Published on: Saturday, December 17, 2016

A LOT has been said about the recently announced UPSR results and the many disappointments after months of preparation.

Now, we must look into the difficulties and heartaches faced by the bulk of students who do not fall into the top 1.1pc of the total candidates, rather than proceeding with accelerated transformations.

Remember the early UPSR years? We had a comparatively smaller number of straight As achievers then, too, but it was never made an issue. What was important was that children never felt stifled by exam pressures.

This could be attributed to the absence of Science as part of the exam paper.

The UPSR tested the most important aspects of primary school years – reading, writing and counting.

And since Mathematics was just in the form of multiple-choice questions, students did not feel as much pressure as children do these days.

By including Science, the exam pressures shoot up, simply because a 12-year-old who is just mastering the basics now has to write scientific explanations and risk losing answers for spelling mistakes. Imagine identifying variables, writing a hypothesis, inference or conclusion for an experiment. Indeed, hours after hours are spent poring over such questions to ensure they could write exactly what is required in the marking script.

And let’s look at HOTS (Higher-Order Thinking Skills) questions. I have seen tuition centres advertising this as their selling point. But seriously? Isn’t this supposed to be a thinking question?

But because of the sheer determination to score, children go all out to memorise the possible answers, too.

So, are we teaching them to think to develop a critical mind, or again, think to give correct answers?

Because of the tremendous complexity of Science, primary school children are hurried upon to polish up their reading, writing and counting skills. This brings great stress to the late bloomers. Still struggling to understand the basics of arithmetics and grammatically correct sentences, these children find Science a little too advanced for them and they begin to slip and fall.

School hours are also spent on unnecessary subjects which the children hardly master.

This results in Mathematics not being taught on a daily basis. Other subjects such as ICT (Information Communications Technology) could be combined with Science as a year-end activity, instead of being another final-year exam as a separate subject. History could be integrated into comprehension texts in Bahasa Melayu or English textbooks.

Rekabentuk dan Teknologi (RBT) need not be introduced at all as children are too young to use hand tools.

As a matter of fact, some schools take up the time for non-UPSR subjects such as ICT, History or RBT to drill students with more UPSR practice. Removing these subjects will mean there are more time for literature, art and music, which most children love more than other subjects. It also lightens the load in their heart – and bag!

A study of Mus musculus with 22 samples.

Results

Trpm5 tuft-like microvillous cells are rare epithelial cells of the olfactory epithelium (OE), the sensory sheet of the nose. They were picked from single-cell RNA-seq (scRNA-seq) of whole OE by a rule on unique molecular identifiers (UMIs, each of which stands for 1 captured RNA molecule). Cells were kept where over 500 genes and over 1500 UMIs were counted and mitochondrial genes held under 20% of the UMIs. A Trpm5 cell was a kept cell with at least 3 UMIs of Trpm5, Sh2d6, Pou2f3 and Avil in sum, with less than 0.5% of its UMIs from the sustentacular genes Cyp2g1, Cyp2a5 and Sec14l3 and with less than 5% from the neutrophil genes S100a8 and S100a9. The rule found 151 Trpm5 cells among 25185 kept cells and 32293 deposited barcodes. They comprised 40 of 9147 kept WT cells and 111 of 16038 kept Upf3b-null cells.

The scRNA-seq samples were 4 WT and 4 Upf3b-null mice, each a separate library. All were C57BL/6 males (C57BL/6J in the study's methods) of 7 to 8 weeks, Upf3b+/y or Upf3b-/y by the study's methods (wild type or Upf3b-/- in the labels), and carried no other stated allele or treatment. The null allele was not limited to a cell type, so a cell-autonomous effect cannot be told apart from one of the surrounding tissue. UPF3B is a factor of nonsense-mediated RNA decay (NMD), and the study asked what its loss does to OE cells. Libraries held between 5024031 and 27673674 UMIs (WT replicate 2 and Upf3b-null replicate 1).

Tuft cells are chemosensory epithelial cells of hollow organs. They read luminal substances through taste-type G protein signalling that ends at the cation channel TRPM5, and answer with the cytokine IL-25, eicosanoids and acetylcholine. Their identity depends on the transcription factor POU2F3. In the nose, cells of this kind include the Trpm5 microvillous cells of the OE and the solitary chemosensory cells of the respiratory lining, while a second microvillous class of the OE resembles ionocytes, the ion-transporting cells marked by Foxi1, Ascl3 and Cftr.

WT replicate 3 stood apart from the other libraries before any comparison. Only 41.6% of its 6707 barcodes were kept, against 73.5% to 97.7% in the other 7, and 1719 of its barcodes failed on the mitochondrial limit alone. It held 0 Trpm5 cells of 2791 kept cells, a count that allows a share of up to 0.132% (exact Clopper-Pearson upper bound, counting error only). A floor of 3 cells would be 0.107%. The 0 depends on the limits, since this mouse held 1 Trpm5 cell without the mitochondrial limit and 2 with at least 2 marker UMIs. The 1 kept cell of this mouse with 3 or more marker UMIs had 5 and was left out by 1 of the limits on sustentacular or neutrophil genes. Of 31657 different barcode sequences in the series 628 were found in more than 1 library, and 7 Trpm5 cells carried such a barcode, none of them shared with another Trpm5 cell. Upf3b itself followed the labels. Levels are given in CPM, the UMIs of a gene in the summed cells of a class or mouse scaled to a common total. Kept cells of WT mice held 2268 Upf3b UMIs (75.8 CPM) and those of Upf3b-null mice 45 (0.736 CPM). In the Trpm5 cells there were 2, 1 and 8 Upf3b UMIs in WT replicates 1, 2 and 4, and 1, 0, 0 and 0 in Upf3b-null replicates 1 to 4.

Honestly, just sit down with any 10 to 12-year-old child, flip through their past Science exam papers and ask if they like Science. A lot don’t. And it has nothing to do with the fascinating contents, but the way it is tested in UPSR, with complex charts and tables.

The solution? Remove Science from UPSR and just test it as an end-of-year exam (hence more time to learn, make mistakes and re-learn it in a fun way) in their own schools with other subjects after UPSR.

Teachers can also put in more meaningful post-UPSR days with lots of hands-on experiments which may take days, such as understanding the process of rusting and food preservation.

Scrap other subjects too from the syllabus that just exhaust the children with more books to carry or more diagrams to memorise. Free up those times to exercise more in PE class, recite more poems during English lessons, or sing to their hearts’ content with a longer music period. These elements of art need more teaching and learning time.

As such, the number of UPSR subjects will remain five for national schools and seven for national-type schools, focusing solely on language acquisition and numeracy skills, which is much more bearable and acceptable for young children.

The UPSR is ultimately the most reliable and transparent method of assessment for primary school children nationwide.

Without UPSR, children will not take their studies seriously, learn the discipline required to handle national examinations (they know what to expect later in SPM) or continue improving themselves diligently.

By being equipped with the essential reading, writing and arithmetic skills, the children will be ready to take the big leap to Form One and towards higher level studies in secondary school and beyond.